This complete guide to backyard fruit growing covers recommended varieties and climate info for the Pacific Northwest both west and east of the Cascades, ideal climates for growing berries and fruit trees. Also includes sidebars showcasing historical orchards, fruit enthusiast societies, gleaning organizations, and more. Includes several recommended cultivars of each of the following types of fruit:
-Berries: strawberries, raspberries, blueberries, blackberries, kiwi berries, plus less common berries such as lingonberries, elderberries, currants, gooseberries, jostaberries, and a section on wild berries.
-Fruit trees: apples, pears, Asian pears, cherries, peaches, nectarines, apricots, plums, plus less common fruit trees such as figs, persimmons, and quince.
About the Author
TARA AUSTEN WEAVER is a freelance writer, editor, and author of The Butcher & The Vegetarian (Rodale, 2010) and Orchard House: How a Neglected Garden Taught One Family to Grow (Ballantine, 2015), a memoir that chronicles how she and her family attempted to revive a long neglected Seattle garden and orchard. Tara's food blog, Tea & Cookies, established in 2006, was selected as one of the top 50 food sites in the world by both the Times of London and The Independent (UK) and has been featured on The Food Network, Saveur, Oprah.com, Apartment Therapy, The Kitchn, Reddit, and Bonappetit.com. She is a trained Master Gardener, Permaculture Designer, and Master Composter/Soil Builder.
"Learn how and when to plant fruit trees in your home garden—and how to maintain them for the optimal yield."
"Food writer [Tara Austen] Weaver (Orchard House) combines a horticultural guide and culinary treasure chest between the covers of one instructive book. Focusing on fruits and berries—some common (strawberries, apples), other exotic (quince, lingonberries)—the text runs through how to prepare jams, curds, and sauces while starting from the ground up, literally. Highlighting soil maintenance and plant placement, Weaver discusses planting, cultivating, and harvesting, all with an eye to creating preserves [...] Farmers everywhere will learn and benefit from Weaver’s wide scope of knowledge."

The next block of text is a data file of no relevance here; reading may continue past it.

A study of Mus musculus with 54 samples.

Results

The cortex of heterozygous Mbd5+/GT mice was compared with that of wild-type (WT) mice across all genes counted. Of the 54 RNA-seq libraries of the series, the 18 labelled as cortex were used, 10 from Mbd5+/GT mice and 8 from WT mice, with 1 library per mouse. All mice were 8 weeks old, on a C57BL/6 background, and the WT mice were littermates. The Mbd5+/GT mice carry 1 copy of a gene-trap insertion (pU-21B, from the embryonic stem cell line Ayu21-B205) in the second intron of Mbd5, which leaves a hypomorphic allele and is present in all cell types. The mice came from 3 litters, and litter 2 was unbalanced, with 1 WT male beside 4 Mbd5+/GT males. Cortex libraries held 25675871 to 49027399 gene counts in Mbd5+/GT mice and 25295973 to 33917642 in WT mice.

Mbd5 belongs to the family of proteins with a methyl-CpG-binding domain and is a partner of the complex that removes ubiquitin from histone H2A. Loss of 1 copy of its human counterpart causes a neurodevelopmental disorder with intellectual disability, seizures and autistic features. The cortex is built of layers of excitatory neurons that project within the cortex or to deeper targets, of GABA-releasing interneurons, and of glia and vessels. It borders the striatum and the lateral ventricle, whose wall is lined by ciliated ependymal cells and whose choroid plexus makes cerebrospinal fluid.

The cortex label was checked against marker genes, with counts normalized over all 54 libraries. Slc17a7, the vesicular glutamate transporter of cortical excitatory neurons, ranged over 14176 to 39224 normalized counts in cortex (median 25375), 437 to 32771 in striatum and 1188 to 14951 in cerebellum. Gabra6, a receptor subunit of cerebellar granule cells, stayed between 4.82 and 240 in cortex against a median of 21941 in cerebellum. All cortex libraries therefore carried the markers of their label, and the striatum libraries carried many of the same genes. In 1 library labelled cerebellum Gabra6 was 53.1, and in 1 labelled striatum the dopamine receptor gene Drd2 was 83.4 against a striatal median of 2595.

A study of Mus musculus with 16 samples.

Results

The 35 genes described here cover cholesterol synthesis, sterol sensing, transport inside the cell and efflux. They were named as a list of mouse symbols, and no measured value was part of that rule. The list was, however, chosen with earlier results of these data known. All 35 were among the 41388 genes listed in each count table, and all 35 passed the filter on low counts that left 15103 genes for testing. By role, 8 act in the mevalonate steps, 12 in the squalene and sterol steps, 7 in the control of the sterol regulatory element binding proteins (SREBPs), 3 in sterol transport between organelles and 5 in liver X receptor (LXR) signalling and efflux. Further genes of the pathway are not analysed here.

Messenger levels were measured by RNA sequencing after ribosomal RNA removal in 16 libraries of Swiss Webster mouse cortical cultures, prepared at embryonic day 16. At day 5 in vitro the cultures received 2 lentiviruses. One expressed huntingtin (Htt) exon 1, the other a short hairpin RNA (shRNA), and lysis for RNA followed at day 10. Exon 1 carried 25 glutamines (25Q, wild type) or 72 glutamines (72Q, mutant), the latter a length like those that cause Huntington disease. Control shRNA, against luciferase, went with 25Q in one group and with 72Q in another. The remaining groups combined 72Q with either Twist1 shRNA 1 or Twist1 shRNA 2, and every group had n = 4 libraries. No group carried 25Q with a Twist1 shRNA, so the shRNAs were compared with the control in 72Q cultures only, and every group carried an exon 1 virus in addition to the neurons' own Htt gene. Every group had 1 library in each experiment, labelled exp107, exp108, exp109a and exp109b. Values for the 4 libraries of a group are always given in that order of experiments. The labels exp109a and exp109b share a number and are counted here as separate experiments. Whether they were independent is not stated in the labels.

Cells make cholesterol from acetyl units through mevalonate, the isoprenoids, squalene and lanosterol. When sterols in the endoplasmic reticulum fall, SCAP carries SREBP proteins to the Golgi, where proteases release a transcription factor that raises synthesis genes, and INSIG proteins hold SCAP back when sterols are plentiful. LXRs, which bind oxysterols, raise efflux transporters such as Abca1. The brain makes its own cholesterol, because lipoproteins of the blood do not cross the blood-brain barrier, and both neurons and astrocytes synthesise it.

"[Tara Austen Weaver's] new book, Growing Berries and Fruit Trees in the Pacific Northwest, will lead you to sweet, sweet success."
—The Seattle Times' Pacific NW Magazine
"Tara Austen Weaver's 224-page guide [does] not disappoint."
"One look through Tara Austen Weaver's new book Growing Berries and Fruit Trees in the Pacific Northwest is all it takes to leave you dreaming about calling it quits on wherever you live now and hightailing it to greener pastures."
"Weaver's book...makes pre-eating stages of fruits and berries seem just as appealing thanks to her breezy, highly readable way with words and expertise as both a master gardener and creative cook...Whether discussing blueberries or pears, or more exotic efforts like kiwi berries and quinces, Weaver tackles plant maintenance, pest and disease prevention, harvesting and preserving...Which of course leads us to [the] delectable final section, where in addition to baked goods Weaver displays recipes for sauces, drinks and fruit leather as well. All of it is illustrated with stunning photographs, making this the kind of book you'll keep for a lifetime—for yourself or a special green thumb in your life."
"[A] lively guide."
"If raising your own fruit trees is the apex of happiness, then you must snag a copy of this guide by Tara Austen Weaver. Learn to cultivate a range of backyard fruit-bearers from strawberries to currants to Asian pears and figs. Once you have your own little agriculture oasis, make one of the 10-plus recipes to preserve your harvest."
"Growing Berries and Fruit Trees in the Pacific Northwest is well written, beautifully laid out and a great introduction to its topic. For many gardeners it could be the only book on the subject they will ever need."